Consider green goods. Rebecca Strong and I conducted an experiment to quantify the impact of labelling washing-machine tablets as ‘ecologically friendly’.
We sent a group of consumers the same type of washing-machine tablet. They washed a load of clothes and reported back on the tablets performance. The twist was that half were told that they were testing a standard supermarket tablet, the other half a green variant.
Once again, there was an element of subterfuge. We didn’t ask consumers directly what they thought of green goods. Generally, they make positive noises. Instead, we monitored behaviour in test and control conditions.
The results were clear. Those who used the green variant rated the tablet as worse on all metrics.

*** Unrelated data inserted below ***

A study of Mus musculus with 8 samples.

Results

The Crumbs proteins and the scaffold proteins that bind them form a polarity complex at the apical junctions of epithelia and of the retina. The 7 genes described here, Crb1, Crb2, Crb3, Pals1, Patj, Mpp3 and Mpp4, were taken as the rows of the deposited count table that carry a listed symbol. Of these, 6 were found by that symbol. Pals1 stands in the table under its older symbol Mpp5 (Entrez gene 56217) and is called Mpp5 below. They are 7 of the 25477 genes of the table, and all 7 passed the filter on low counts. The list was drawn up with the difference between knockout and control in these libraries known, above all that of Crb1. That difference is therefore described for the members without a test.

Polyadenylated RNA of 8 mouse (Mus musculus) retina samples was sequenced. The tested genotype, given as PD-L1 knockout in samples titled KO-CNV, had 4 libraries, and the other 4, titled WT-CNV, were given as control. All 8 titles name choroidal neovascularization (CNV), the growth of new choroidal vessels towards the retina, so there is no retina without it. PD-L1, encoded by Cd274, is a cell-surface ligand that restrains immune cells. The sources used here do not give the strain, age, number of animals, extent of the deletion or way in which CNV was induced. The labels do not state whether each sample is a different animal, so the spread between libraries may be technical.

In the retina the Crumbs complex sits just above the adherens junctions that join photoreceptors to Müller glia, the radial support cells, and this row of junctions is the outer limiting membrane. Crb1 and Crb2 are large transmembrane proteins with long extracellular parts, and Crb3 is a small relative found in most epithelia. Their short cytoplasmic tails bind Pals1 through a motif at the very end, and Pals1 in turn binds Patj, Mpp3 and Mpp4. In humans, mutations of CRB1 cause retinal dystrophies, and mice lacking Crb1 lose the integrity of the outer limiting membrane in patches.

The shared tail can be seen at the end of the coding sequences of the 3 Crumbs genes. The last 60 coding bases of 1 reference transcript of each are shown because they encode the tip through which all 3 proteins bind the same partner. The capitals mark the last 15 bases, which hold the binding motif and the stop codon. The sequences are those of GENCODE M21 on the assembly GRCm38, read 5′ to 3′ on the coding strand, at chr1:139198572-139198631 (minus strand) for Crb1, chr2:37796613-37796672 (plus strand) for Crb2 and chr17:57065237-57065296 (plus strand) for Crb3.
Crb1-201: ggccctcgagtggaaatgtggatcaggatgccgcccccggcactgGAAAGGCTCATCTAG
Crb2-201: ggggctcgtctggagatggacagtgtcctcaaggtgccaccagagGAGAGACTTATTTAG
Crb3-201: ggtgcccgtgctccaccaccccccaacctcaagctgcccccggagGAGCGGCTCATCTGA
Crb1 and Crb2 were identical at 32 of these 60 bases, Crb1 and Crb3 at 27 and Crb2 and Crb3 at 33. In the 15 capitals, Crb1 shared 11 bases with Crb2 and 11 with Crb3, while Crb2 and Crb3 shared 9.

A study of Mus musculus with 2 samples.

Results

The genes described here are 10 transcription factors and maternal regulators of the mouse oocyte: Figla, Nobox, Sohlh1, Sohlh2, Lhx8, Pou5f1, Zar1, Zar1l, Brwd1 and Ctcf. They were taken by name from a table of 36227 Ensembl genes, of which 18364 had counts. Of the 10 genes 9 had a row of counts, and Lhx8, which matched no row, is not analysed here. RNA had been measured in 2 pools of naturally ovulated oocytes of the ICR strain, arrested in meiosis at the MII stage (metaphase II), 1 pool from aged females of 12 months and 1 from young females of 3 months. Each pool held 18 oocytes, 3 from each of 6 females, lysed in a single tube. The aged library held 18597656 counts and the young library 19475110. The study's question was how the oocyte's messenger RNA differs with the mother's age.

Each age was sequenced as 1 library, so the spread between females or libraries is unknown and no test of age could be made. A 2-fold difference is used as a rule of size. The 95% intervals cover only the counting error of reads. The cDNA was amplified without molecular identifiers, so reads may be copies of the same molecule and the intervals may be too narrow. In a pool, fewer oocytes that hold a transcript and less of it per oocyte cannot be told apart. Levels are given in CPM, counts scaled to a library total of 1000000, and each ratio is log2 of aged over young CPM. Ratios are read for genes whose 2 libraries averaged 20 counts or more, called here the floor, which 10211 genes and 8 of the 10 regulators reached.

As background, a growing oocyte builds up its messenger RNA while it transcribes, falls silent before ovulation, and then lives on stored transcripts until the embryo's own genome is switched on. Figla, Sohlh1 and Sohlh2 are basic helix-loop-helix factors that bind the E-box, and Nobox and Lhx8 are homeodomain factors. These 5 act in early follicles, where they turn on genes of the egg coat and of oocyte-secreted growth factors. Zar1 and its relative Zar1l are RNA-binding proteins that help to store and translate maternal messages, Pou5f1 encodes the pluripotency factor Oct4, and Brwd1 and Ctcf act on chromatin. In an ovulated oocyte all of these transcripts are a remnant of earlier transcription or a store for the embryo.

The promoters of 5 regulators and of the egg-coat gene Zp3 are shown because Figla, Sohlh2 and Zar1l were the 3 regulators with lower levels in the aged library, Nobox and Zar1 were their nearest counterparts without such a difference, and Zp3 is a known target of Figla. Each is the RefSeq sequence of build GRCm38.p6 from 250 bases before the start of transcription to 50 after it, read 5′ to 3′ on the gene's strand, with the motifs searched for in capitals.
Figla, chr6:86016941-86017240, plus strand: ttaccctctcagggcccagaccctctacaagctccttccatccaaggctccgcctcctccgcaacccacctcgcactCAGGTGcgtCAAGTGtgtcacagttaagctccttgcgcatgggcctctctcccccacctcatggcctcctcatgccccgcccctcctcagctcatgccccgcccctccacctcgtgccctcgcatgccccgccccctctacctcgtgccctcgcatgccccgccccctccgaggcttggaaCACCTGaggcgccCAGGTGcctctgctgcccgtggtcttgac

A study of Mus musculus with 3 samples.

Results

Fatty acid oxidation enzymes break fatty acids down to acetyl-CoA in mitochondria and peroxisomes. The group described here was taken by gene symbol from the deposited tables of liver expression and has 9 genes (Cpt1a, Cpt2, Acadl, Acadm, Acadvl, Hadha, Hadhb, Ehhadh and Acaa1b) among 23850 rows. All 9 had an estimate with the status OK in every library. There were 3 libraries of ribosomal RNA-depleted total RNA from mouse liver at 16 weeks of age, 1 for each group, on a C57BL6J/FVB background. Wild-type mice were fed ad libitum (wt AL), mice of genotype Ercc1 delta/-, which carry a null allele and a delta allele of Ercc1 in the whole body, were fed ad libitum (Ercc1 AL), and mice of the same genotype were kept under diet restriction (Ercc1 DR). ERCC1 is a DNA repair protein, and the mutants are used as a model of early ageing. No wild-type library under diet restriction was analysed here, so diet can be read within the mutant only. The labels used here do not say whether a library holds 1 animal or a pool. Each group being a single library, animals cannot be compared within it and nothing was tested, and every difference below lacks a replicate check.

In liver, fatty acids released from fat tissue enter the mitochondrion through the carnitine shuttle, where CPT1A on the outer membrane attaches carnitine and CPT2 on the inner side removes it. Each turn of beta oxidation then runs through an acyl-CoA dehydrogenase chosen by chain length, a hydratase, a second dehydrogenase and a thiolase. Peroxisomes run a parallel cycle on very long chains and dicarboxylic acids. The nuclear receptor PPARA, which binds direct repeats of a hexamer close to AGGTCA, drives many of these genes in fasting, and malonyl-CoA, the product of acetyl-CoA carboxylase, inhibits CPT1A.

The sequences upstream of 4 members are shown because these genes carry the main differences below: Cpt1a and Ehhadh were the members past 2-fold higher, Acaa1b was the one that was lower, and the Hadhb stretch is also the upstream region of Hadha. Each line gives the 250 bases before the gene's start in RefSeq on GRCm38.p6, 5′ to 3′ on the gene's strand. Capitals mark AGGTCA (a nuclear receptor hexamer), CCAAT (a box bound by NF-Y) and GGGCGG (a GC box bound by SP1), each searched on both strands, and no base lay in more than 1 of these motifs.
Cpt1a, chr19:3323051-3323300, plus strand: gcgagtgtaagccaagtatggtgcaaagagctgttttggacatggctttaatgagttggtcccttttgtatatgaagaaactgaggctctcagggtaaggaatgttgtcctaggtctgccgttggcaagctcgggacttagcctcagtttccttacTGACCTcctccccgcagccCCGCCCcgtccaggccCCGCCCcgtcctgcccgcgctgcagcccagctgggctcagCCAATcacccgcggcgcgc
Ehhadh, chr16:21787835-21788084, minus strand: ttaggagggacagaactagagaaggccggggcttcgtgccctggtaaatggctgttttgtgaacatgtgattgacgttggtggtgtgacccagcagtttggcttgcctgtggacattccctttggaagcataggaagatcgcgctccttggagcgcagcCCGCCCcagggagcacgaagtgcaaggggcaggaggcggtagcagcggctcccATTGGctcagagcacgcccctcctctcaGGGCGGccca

Respondents scored the eco tablet 9% lower for both effectiveness and likeability, while the number who would recommend the product was 11% lower and the number who would buy it themselves, 18% lower than for the standard version.
Despite eco-friendly products often having a higher price, consumers who tested the green tablet were only prepared to pay £4.41 on average compared to £4.82 for the standard version. Consumers believe that products involve a trade-off: improved eco-friendliness entails corresponding loss in cleaning efficacy. This is a concern for any brand interested in a green variant. If brands in this category are going to successfully sell green variants, they’ll need to counteract these negative associations, or spend heavily to bolster their cleaning credentials.